President Trump, in his address to Congress this week, honored Carryn Owens, the widow of William "Ryan" Owens. Chief Owens is the highly-decorated Navy Seal who was killed in a raid in Yemen on January 29th. Carryn received a heartfelt two-minute standing ovation from the crowd. Many hearts in the room and across the nation surely went out to her.
Not all hearts were so kind, though. Take Dan Grillo, a principal in the Chicago-area Liberty Advisor Group and a former Clinton and Obama volunteer. After the Congressional address, Grillo tweeted the following heartless and insensitive message: "Sorry, Owens' wife, you're not helping yourself or your husband's memory by standing there and clapping like an idiot. Trump just used you."
Grillo was fired the day after this ill-considered tweet, and that firing seems warranted for reasons the company gave in a statement.
The company described Grillo's tweet as "offensive and inappropriate," and said it was "inconsistent with the company's values." The company's statement went on to say, "Regardless of whether the comments in the tweet were intended to cause the hurt and anger that they ultimately generated, they were unacceptable to us, and the individual who issued the tweet is no longer affiliated with Liberty."
The company's decision was only strengthened by the fact that Grillo had named the company in his Twitter profile. So the company was at considerable risk for being associated with the tweet.
Grillo's firing, in my opinion, is a clear case of when an ill-advised tweet should lead to a dismissal. But under what less-clear circumstances should such a tweet or post result in a firing?
Should the only criterion be that a tweet or post that is offensive, inappropriate and inconsistent with the values of the company will lead to a firing? Should it matter that a post, like Grillo's, elicits widespread and uniformly negative attention?
It stands to reason that a company would give more weight to a tweet that is offensive, against the values of the company, and widely distributed. But what about when an employee makes a racist or sexist comment while having drinks with colleagues after work? If senior management later hears of the comment should they fire the employee even if they are confident that no one outside of that group of employees heard it?
That would depend chiefly on what matters most to the company. If the company is mostly concerned with its public image and risk management then they might reprimand but not fire the employee who makes the inappropriate comment over drinks. Less exposure means less risk of negative publicity.
But if the company is chiefly concerned with having a values-based culture, and sees its positive public image as a reflection of that culture, then they would have solid grounds for firing the employee even if the offensive comment is not heard outside of the company. A company cannot say that certain values matter if there are no consequences for action against those values. And a company surely cannot say that character and values matter if they not only employ but promote jerks and give them greater rewards, responsibilities, and ability to affect others.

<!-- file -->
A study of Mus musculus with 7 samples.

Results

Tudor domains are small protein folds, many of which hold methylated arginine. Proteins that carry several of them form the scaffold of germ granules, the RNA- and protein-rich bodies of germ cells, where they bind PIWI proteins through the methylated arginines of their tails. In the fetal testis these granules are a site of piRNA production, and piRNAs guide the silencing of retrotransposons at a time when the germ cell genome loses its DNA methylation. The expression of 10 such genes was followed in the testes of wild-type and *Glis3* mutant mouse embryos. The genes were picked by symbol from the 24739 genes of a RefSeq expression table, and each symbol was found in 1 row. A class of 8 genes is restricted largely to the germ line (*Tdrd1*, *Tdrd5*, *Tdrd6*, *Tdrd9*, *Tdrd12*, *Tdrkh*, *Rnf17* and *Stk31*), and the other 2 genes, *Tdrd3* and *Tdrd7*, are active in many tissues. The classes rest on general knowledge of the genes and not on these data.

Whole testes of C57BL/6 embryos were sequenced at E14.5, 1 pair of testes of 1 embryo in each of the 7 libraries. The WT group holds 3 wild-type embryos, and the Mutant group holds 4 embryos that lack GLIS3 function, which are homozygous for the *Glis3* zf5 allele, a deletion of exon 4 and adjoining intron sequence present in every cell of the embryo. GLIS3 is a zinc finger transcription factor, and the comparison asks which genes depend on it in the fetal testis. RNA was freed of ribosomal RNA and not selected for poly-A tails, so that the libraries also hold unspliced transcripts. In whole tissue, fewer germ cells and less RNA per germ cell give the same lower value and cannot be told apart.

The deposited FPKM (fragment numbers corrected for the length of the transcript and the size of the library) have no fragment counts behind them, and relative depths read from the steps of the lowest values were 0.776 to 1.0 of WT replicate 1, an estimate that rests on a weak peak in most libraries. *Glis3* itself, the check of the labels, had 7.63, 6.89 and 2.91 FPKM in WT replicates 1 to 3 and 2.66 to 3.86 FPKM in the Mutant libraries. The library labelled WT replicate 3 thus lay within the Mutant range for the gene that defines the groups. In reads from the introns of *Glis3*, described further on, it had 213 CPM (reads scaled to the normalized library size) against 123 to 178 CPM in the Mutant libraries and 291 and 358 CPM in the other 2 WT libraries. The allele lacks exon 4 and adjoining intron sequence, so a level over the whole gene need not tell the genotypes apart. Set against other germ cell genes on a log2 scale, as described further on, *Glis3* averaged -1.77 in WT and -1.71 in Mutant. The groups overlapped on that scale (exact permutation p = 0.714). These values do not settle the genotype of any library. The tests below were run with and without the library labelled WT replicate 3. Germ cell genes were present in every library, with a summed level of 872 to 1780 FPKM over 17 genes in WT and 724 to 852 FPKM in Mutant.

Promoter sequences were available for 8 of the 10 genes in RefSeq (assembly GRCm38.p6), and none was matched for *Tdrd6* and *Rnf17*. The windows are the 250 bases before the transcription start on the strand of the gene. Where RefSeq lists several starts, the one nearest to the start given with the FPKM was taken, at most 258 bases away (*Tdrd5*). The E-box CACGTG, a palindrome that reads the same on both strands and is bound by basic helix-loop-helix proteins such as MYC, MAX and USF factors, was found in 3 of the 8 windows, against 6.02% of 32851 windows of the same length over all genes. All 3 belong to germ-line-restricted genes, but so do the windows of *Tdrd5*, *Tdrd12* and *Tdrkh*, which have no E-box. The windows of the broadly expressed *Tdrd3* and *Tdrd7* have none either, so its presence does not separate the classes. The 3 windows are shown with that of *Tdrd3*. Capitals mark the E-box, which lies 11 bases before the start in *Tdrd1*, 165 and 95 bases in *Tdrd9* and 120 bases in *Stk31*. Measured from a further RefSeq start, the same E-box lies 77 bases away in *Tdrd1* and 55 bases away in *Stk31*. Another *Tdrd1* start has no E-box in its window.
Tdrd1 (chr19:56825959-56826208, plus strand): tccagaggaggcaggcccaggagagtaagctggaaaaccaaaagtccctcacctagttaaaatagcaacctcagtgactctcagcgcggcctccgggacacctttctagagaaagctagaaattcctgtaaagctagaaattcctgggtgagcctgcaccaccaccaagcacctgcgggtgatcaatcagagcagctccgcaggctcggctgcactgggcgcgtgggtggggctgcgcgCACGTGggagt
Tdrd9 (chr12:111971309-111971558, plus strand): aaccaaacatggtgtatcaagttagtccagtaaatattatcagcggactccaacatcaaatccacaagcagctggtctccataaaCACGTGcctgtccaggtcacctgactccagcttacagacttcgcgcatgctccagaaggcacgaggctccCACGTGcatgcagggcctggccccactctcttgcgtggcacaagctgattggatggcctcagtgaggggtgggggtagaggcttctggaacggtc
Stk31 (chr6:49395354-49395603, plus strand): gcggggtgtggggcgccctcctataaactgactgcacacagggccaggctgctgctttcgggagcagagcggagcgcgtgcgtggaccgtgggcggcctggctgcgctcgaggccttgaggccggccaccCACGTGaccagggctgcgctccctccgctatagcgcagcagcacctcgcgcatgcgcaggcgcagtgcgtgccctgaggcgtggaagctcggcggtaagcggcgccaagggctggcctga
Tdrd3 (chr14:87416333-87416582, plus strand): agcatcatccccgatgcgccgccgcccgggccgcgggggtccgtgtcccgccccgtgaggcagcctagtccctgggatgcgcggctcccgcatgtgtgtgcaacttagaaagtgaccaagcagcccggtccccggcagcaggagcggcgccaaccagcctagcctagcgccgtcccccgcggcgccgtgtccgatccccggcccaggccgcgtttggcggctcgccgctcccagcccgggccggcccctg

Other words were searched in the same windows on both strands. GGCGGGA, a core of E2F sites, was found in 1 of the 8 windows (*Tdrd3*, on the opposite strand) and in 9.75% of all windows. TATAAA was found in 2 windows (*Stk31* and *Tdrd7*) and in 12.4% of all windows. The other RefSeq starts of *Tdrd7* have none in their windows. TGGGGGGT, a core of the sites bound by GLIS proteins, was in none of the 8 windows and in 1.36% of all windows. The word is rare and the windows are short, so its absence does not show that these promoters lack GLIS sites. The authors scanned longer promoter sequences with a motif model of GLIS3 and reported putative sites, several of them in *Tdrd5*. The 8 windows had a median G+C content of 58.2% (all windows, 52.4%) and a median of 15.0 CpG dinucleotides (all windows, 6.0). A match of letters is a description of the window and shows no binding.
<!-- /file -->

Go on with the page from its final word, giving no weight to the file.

Should it matter how sympathetic or not the target of the inappropriate comment is? Carryn Owens was as sympathetic as a person could be. But what if the target of the tweet was as unsympathetic as could be? What if, for example, the tweet mocked Martin Shkreli, the former CEO of Retrophin, who was described as "the most hated man in America" when, in 2015, he notoriously defended raising the price of Daraprim from $13.50 to $750 a pill?
A tweet targeting a sympathetic figure is surely more upsetting than a tweet targeting a jerk. But if the tone and content of the message is cruel, unkind or otherwise not the kind of thing that someone who gets the company's values would say, then it would seem that even an offensive tweet targeting an unsympathetic person should result in a firing.
Finally, how much weight should be given to the employee's condition or state of mind at the time of the offensive tweet? What if an employee is in an unusually bad way at the time of the offensive tweet?
Returning to our barroom hypothetical, if the bad condition is a result of imbibing, then little to no weight should be given to it. One should not be excused from an offense based on a condition that one has brought about him- or herself.
But what if the employee at the time of the tweet had just received news of a devastating loss or had just started taking a new medication that unexpectedly interferes with his or her judgment?
That should count more than being drunk or high, but if the tweet were sufficiently offensive and contrary to the company's values, the question could be raised whether an employee in any condition would be having such thoughts, let alone tweeting them out. And if character is what truly matters in a company then due weight should be given to the fact that character is sometimes most clearly revealed in difficult or challenging situations.
This is a suggestive list of factors to consider when deciding whether to fire an employee for an offensive tweet. Grillo's firing was a sad but easy case. Other cases might be less clear and more difficult, so each company more and more has to decide what criteria it will use in deciding whether to say, "You're fired."
Commentary by Joseph Holt, an associate teaching professor at the University of Notre Dame's Mendoza College of Business who specializes in business ethics and leadership. Follow him on Twitter @busethicsdude.